A proposal to enforce stricter regulations on the way pharmaceutical companies label drugs and set prices in Medicaid’s drug rebate program aims to clarify the impact of litigation in a drug misclassification case involving Mylan Inc.'s EpiPen, attorneys say.
The proposed rule (RIN 0938-AU28) would overhaul the Medicaid Drug Rebate Program by addressing significant issues, such as drug misclassification, opacity in pharmacy benefit managers’ pricing, and concerns regarding whether or not drug companies were offering the statutorily required lowest drug prices for Medicaid.
The program overseen by the Centers for Medicare and Medicaid Services requires manufacturers to offer the lowest price available for drugs to Medicaid agencies, said Edwin Park, a research professor at the Georgetown University McCourt School of Public Policy. In exchange, Medicaid agrees to cover most of the manufacturers’ drugs.
Historically, the MDRP has been a critical tool for managing drug costs within Medicaid. Under the program, brand-name or “innovator” drugs get higher rebates when compared to generic drugs. This is meant to drive the use of cost-effective generic drugs when they are available and appropriate, but also ensures that Medicaid programs can afford to provide access to newer, designer drugs when necessary, according to MACPAC.
While this agreement should, in theory, make outpatient drugs more affordable for Medicaid beneficiaries, said Antonio Ciaccia, CEO of 46brooklyn Research, he noted several challenges that have impacted the program’s effectiveness and cost efficiency. 46Brooklyn is a nonprofit focused on improving the accessibility and usability of US drug pricing data.
He said one challenge has been the misclassification of drugs by manufacturers, which leads to inaccurately low rebates and, consequently, inflated costs for Medicaid. Typically, manufacturers misclassify their drugs as generics, evading higher rebates associated with brand-name drugs, Ciaccia said.
New Penalties Proposed
Under the proposed rule issued May 23, if a manufacturer is found to be misclassifying a drug, CMS could levy penalties ranging from forcing companies to correct the misclassification to imposing fines up to $100,000 or suspending the manufacturer from the MDRP.
But the precedent set by the Mylan case leaves no room for confusion about what drug companies can and can’t do, said Sean Dickson, senior vice president of pharmaceutical policy and strategy at AHIP, which represents health insurance companies.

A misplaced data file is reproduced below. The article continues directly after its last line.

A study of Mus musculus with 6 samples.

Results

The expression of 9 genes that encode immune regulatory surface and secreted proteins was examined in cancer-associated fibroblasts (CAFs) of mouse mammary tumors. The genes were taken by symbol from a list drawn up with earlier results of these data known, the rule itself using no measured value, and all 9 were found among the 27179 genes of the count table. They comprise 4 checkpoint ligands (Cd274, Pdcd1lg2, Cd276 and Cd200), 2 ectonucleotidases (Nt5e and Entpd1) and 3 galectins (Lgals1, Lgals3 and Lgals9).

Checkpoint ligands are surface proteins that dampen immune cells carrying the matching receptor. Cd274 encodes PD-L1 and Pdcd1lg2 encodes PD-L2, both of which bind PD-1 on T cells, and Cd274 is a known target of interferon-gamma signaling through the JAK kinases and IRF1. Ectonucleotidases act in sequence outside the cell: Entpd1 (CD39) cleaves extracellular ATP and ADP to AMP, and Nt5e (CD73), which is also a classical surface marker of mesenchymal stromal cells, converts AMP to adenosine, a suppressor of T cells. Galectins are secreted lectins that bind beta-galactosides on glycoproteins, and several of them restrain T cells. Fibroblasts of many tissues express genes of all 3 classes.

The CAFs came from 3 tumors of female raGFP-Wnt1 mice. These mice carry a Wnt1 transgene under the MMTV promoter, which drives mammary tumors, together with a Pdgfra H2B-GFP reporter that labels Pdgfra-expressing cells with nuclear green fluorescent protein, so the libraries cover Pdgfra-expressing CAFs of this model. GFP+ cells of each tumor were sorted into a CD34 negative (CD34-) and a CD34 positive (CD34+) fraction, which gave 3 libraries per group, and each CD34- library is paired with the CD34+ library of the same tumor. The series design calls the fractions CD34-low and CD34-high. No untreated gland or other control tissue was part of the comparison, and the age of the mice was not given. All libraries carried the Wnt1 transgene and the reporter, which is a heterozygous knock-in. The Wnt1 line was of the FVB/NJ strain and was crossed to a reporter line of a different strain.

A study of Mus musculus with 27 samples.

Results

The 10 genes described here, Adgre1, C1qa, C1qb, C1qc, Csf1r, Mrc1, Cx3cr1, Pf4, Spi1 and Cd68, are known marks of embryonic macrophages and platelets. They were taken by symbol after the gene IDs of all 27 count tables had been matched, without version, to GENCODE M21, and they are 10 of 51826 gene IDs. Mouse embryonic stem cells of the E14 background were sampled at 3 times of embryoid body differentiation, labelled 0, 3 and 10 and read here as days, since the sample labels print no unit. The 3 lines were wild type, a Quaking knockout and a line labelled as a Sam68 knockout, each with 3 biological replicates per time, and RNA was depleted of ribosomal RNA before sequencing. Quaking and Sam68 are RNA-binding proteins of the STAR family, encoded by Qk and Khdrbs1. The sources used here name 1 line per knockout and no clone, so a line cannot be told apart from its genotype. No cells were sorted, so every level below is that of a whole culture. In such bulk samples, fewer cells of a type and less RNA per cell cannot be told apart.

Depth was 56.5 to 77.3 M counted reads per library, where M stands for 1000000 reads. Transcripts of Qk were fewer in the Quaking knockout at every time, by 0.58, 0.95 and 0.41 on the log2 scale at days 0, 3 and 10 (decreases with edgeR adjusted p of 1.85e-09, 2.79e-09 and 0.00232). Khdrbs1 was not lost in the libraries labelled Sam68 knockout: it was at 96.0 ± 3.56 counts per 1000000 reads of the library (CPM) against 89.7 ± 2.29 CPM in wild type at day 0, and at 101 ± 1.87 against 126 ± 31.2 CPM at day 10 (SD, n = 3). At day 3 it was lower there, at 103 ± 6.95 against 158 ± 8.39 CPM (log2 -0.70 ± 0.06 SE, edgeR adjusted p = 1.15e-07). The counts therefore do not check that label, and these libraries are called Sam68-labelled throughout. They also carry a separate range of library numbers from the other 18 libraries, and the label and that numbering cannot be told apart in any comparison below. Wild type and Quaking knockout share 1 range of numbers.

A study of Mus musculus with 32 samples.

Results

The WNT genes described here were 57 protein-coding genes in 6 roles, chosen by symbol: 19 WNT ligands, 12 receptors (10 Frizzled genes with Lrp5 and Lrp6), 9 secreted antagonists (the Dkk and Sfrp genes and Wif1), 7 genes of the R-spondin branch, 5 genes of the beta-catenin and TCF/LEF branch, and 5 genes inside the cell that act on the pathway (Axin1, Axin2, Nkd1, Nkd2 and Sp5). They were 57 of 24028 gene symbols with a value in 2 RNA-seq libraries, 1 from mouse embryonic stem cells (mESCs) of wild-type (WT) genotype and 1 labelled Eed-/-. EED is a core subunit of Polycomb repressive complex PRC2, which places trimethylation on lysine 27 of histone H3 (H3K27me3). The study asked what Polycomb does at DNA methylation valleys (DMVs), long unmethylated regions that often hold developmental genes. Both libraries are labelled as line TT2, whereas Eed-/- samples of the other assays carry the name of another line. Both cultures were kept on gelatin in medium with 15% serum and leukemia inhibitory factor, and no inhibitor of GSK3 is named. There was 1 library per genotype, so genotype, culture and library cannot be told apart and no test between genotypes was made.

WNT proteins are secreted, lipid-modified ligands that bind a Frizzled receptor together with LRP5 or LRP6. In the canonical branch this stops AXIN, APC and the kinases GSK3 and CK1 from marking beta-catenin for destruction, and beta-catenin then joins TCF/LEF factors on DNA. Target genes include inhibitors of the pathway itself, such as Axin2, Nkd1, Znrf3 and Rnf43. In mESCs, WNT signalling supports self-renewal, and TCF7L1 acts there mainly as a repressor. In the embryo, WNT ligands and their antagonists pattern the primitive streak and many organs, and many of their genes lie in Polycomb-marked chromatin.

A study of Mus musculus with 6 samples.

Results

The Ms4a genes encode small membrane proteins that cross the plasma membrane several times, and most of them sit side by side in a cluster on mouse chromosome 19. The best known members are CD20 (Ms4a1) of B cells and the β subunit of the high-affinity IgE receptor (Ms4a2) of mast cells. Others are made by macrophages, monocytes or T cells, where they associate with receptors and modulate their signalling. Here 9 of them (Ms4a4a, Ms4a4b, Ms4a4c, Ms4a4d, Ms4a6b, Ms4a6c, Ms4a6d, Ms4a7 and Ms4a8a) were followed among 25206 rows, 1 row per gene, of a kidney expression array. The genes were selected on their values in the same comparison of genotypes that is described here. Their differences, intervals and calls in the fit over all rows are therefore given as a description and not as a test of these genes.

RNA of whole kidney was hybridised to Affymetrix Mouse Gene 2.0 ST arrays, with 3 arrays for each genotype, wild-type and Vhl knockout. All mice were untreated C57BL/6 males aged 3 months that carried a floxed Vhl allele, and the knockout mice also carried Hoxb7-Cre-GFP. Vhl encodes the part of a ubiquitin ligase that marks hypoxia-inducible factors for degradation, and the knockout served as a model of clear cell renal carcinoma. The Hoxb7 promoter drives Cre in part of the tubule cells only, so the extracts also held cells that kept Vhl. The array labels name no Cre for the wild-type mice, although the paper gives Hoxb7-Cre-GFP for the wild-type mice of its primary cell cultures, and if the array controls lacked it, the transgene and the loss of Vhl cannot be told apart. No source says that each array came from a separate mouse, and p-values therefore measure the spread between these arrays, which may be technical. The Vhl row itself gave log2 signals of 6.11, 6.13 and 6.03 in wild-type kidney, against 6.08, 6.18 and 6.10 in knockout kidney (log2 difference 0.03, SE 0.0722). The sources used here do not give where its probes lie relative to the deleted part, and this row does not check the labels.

“While many manufacturers may have stopped engaging in some of these practices due to the litigation risks, following the Mylan case, the agency found it important to make sure there wasn’t any lack of clarity so that instances like that don’t happen again,” said Dickson.
The rule would also introduce a drug price certification survey that would increase clarity from manufacturers regarding why certain drugs are expensive and help states better negotiate the cost of high-cost drugs.
“What CMS is proposing is for certain manufacturers of high-cost drugs to be subject to a survey where manufacturers have to report pricing information, including elements related to how they set their prices and change their list prices over time,” Park said. “The idea is to help facilitate greater negotiation of these voluntary supplemental rebates to make these drugs more affordable for state Medicaid programs to ensure access”
The rule also takes aim at opaque “spread pricing” practices by pharmacy benefit managers.
Spread pricing allows PBMs to charge Medicaid managed care plans a higher amount for a prescription drug than what they reimburse the dispensing pharmacy, said Ciaccia. The difference, known as the “spread,” is kept by the PBM and can lead to increased spending due to artificially inflated costs, he said.
PBMs have come under increasing scrutiny in recent years due to their lack of transparency over their pricing strategies. A 2018 report by auditors for the state of Ohio and Ciaccia found that from April 2017 to March 2018, PBMs in Ohio retained 31% of the money they received for generic drugs. The state ended up paying out an additional $208 million due to the practice, the report said.
To tackle this issue, the proposed CMS rule would mandate transparent reporting of drug payment information in contracts between states, Medicaid-managed care plans, and third-party contractors like PBMs.
Both Ciaccia and Park, however, point out that many of the provisions in this rule might be seen as overdue policy.
“From what I’m seeing, the types of issues that they’re encountering today are either a result of general accounting failures or documentation mistakes by companies and not necessarily intentional acts,” Ciaccia said. “I think the problem has been largely solved through the precedent set by the Mylan case.”
“A lot of the rule is just conforming to statutory changes in the last few years. These things get enacted, and they have already taken effect, but the agency sometimes takes a while to actually come into full conformity with new regulations,” said Park.